The California National Mortgage Settlement Grant Program will provide $9.4 million to 21 organizations to assist state residents affected by the foreclosure crisis.
Attorney General Kamala Harris said the grants will benefit many of the state’s neediest homeowners and families by providing or expanding access to free legal assistance and representation, foreclosure intervention aid, homeowner education and financial literacy clinics, blight remediation services, fraud prevention education and employment support services.
Many of the organizations who will receive the grants focus on underserved and disproportionately impacted populations, including agricultural workers, communities of color, the disabled, the elderly, immigrant communities, Native Americans, rural homeowners, veterans and active-duty military, Harris added.
Services will be offered in more than a dozen languages, including American Sign Language, Armenian, Cantonese, Farsi, Hmong, Japanese, Khmer, Korean, Mandarin, Russian, Spanish, Tagalog and Vietnamese.
Harris said grant recipients will begin to implement their programs immediately.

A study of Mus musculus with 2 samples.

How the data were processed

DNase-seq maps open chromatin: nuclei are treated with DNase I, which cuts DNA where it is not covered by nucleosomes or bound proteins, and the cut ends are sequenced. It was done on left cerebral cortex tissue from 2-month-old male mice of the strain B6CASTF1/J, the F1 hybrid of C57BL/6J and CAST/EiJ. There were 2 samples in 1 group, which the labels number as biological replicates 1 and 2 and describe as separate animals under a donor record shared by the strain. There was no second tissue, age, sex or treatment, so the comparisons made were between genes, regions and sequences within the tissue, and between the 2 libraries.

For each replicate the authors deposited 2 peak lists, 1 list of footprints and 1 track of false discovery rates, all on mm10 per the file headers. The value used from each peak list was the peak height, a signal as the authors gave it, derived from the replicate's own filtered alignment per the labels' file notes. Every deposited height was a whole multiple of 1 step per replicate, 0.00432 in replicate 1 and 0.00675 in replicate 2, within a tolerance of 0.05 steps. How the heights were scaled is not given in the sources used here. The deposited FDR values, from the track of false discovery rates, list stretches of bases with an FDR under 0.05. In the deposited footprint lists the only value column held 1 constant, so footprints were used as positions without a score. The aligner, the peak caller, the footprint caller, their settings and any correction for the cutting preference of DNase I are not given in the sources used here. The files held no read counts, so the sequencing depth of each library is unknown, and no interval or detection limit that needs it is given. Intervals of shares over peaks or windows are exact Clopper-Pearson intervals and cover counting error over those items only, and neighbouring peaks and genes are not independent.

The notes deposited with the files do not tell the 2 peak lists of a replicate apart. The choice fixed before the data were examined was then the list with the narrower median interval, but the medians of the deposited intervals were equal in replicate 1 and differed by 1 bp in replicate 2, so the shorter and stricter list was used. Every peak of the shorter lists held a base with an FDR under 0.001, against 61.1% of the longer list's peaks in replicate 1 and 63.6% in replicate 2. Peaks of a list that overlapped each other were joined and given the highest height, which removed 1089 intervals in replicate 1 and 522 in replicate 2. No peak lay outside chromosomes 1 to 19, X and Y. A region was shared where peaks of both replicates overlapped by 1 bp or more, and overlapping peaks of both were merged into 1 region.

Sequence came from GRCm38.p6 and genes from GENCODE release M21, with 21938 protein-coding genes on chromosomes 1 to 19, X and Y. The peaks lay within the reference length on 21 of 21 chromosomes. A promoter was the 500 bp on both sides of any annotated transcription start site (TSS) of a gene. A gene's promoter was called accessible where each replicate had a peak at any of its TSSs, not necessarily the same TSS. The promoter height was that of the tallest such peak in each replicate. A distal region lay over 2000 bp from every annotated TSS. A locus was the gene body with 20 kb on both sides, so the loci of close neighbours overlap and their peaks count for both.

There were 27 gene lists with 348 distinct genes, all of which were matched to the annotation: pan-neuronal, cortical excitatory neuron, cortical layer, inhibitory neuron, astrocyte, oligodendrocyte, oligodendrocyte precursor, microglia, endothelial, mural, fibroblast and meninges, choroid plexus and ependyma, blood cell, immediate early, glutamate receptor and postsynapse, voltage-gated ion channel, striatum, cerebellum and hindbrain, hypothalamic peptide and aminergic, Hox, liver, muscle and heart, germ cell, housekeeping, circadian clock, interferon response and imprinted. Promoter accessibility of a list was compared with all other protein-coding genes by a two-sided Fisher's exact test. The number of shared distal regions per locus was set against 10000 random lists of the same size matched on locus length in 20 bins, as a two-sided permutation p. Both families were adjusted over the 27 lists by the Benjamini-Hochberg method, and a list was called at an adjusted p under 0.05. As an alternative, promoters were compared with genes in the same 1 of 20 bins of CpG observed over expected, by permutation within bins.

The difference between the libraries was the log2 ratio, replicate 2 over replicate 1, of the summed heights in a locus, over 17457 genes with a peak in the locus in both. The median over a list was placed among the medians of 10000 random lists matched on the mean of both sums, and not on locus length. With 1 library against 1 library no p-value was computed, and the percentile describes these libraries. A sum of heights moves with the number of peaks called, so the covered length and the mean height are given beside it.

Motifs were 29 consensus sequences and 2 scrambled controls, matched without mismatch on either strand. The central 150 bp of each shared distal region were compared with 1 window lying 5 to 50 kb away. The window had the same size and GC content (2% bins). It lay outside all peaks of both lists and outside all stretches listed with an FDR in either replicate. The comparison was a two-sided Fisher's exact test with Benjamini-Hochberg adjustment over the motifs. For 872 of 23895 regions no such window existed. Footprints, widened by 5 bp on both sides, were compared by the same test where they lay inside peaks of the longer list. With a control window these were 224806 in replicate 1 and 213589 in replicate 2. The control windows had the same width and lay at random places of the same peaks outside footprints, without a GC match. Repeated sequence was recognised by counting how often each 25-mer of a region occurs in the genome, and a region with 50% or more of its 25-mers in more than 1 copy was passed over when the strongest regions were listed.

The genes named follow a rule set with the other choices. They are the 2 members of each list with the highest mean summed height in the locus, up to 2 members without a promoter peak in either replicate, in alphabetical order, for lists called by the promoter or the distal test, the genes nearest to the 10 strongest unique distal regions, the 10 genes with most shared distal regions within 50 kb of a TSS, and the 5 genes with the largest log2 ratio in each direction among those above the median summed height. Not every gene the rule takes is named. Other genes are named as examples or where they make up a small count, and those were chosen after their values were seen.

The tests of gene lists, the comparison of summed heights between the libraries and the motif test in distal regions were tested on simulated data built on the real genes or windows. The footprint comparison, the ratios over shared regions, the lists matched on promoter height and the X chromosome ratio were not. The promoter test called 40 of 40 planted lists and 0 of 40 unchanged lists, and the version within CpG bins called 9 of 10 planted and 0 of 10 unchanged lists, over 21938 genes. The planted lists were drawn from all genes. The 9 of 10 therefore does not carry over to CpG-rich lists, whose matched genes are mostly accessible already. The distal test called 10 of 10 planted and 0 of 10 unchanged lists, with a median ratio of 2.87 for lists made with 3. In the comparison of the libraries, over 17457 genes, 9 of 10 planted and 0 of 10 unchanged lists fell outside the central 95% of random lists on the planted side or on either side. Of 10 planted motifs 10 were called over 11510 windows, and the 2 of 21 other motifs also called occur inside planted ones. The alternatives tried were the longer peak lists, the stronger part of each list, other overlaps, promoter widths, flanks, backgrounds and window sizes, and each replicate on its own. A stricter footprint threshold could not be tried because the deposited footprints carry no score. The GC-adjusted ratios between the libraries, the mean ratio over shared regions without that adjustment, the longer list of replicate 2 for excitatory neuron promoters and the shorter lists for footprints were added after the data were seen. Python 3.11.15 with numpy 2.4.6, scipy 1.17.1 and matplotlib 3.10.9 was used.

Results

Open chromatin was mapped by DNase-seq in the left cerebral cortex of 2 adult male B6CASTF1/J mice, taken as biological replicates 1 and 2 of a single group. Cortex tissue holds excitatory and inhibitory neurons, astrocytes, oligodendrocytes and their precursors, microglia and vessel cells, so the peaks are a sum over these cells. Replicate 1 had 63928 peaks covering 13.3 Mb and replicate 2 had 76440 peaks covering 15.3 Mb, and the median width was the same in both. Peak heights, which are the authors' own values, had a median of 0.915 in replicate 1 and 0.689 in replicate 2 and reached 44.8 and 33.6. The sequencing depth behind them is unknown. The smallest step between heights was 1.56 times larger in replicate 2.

“The foreclosure crisis has inflicted wide-ranging and deep harm to California homeowners and communities,” Harris stated in a press release. “These grants will give homeowners and families the financial and legal tools they need to recover.”
Last year, Harris named Katherine Porter, a professor at the UC Irvine School of Law, as the California monitor of the commitment by the nation’s five largest banks to perform as much as $18 billion worth of homeowner and borrower benefits in the state.
As part of the program, attorneys and law students will ensure that the banks are complying to their obligations in the AG settlement by providing the proper assistance to homeowners facing foreclosure who were affected by the robo-signing scandal and any other alleged legal improprieties. An upcoming forum is scheduled to take place on May 3 in Fresno to offer best practices for struggling homeowners.
“In working with homeowner’s up-and-down California, I have seen the invaluable work being done by community-based organizations like these,” Porter said. “Families working to get back on their feet will benefit greatly from the programs funded by these grants.”